At Wolf, Baldwin & Associates, P.C., we protect the workers’ compensation benefits of injured workers in southeastern Pennsylvania. With more than 70 years of combined experience handling this specialized area of the law in the local legal system, we have what it takes to fight to protect your workers’ compensation benefits.

Protecting your benefits means being familiar with the tools that insurance companies use to try to limit, or reduce your benefits, including Impairment Rating Examinations, and Independent Medical Examinations.

When Will An Exam Be Required?

There is no limit as to how long you can receive total disability workers’ compensation benefits in Pennsylvania. However, if you have been receiving total disability benefits for 104 weeks (two years), it is almost certain that some point your employer’s workers’ compensation insurance provider will ask you to attend an impairment rating evaluation (also known as an impairment rating exam, or “IRE”) in an attempt to limit your wage loss benefits to 500 weeks.

Are Impairment Rating Exams (IREs) The Same As Independent Medical Exams (IMEs)?

One of the key differences between an IRE, and an IME centers on who chooses the doctor. Independent medical exams are conducted by a doctor who your employer chooses. As you might expect, an IME tends to produce “medical” conclusions that favor employers, and workers’ compensation insurance companies.

By contrast, impairment rating exams are conducted by a doctor chosen by the Pennsylvania Bureau of Workers’ Compensation. After conducting a medical exam, and reviewing your medical records, the IRE doctor will give you an impairment rating based on permanent impairment guidelines developed by the American Medical Association.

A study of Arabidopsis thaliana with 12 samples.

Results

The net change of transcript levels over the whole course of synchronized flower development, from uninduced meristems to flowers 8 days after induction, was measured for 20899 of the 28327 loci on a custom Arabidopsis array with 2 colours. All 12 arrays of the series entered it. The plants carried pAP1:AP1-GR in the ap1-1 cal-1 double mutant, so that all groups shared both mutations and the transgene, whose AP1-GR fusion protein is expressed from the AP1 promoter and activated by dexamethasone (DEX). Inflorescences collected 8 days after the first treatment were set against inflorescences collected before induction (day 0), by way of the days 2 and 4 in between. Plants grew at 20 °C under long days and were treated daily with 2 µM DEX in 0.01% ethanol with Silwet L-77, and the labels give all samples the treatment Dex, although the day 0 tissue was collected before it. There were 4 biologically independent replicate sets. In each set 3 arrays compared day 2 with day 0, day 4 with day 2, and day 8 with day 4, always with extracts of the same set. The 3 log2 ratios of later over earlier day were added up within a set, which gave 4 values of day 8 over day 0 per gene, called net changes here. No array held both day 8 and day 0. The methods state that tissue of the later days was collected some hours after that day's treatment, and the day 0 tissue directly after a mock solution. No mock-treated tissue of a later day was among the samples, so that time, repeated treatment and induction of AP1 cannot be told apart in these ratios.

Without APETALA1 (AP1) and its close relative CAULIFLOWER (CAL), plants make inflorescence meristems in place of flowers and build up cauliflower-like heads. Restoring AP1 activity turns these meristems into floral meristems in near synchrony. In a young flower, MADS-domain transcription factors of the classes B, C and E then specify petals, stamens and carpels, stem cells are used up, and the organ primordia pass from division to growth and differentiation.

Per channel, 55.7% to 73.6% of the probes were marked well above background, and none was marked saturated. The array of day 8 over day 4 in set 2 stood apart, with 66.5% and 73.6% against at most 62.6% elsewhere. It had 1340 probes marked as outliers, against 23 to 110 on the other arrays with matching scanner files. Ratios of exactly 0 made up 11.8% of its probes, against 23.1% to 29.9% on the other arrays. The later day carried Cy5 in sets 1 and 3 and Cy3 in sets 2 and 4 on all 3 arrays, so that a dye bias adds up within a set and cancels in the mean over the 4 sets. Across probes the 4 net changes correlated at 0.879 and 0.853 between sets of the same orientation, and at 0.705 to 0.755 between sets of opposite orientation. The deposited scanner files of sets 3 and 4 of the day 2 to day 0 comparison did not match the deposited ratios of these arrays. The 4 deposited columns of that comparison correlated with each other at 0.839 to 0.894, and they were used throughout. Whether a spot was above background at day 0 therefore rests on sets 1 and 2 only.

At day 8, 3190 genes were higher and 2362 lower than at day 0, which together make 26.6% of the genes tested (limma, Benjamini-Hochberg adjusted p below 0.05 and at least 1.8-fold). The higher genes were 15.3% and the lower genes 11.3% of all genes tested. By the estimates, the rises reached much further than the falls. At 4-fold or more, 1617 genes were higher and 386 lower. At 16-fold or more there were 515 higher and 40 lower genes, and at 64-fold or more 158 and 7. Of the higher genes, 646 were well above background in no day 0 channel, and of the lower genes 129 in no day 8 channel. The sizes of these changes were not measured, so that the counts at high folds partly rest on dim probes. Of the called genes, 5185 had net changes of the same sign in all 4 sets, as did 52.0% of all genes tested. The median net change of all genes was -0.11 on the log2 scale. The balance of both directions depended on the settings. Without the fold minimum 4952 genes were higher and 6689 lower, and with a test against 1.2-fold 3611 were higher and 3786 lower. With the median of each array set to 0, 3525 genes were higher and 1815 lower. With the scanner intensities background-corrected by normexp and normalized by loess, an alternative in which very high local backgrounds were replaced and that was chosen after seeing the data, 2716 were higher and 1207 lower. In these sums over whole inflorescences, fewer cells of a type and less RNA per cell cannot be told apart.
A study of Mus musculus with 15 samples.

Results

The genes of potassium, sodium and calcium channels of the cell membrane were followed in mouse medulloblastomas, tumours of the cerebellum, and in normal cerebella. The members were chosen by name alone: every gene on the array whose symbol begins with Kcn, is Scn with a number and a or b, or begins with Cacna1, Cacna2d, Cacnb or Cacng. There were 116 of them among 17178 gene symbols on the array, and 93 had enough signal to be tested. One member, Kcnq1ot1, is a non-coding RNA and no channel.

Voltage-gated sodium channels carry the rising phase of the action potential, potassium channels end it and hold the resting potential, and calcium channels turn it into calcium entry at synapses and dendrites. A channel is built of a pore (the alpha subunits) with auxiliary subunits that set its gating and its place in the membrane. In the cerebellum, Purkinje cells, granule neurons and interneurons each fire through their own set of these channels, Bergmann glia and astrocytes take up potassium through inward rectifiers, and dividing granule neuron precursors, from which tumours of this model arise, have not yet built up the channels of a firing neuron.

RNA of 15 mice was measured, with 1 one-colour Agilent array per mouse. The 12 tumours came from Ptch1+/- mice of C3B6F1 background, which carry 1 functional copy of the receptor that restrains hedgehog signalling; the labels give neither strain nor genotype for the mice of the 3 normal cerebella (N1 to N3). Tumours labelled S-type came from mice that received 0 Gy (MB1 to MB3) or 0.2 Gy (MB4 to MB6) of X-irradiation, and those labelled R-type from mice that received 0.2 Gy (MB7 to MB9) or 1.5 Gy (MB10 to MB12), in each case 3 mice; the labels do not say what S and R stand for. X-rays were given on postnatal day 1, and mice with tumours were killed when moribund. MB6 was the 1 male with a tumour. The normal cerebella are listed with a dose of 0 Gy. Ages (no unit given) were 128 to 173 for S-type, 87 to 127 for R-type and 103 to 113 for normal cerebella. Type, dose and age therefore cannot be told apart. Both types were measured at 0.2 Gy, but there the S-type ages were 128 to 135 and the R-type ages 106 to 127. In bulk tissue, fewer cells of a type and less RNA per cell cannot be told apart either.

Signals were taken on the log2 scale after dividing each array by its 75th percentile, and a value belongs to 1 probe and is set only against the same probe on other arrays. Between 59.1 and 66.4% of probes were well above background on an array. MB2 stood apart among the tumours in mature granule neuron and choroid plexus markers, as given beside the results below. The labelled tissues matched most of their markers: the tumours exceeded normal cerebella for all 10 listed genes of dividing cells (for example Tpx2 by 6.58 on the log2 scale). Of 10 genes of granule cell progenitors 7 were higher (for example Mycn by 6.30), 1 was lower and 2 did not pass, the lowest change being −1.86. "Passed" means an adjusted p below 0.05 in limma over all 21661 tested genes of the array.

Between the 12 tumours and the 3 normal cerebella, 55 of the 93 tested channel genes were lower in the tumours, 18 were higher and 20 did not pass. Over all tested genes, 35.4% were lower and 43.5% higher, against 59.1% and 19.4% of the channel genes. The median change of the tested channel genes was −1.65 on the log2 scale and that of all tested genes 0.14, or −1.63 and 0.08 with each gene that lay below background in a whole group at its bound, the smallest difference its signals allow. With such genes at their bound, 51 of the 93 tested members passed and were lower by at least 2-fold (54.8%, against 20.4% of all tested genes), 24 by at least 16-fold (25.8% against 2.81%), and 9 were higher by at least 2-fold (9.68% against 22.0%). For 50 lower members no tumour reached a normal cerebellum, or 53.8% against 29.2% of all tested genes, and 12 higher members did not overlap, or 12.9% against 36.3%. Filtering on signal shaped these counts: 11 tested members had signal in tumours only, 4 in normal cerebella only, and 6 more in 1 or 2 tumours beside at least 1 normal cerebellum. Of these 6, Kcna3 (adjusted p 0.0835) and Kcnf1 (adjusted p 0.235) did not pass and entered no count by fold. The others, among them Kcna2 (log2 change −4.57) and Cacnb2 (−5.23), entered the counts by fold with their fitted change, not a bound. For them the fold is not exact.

What Does The Rating Mean For My Benefits?

If this rating is below 35 percent for your whole body, your employer’s workers’ comp carrier may be able to change your disability status from “total” to “partial,” which would cap your benefits at 500 weeks. There are various ways that such a finding can be challenged, but getting an experienced workers’ compensation attorney involved early is critical to mounting a successful defense to a modification of your benefits.

Let Us Put Our Experience To Work For You

Offices in Pottstown, Pennsburg, West Chester, and Reading, Pennsylvania

Local: 610-228-4582 | Toll Free: 610-228-4582

Insurance companies will always be represented by experienced workers’ compensation attorneys — you should be, too. To learn more about impairment rating exams, your rights as an injured worker, or what our lawyers can do to protect your workers’ compensation benefits — call our offices directly, or contact our lawyers online for a free consultation.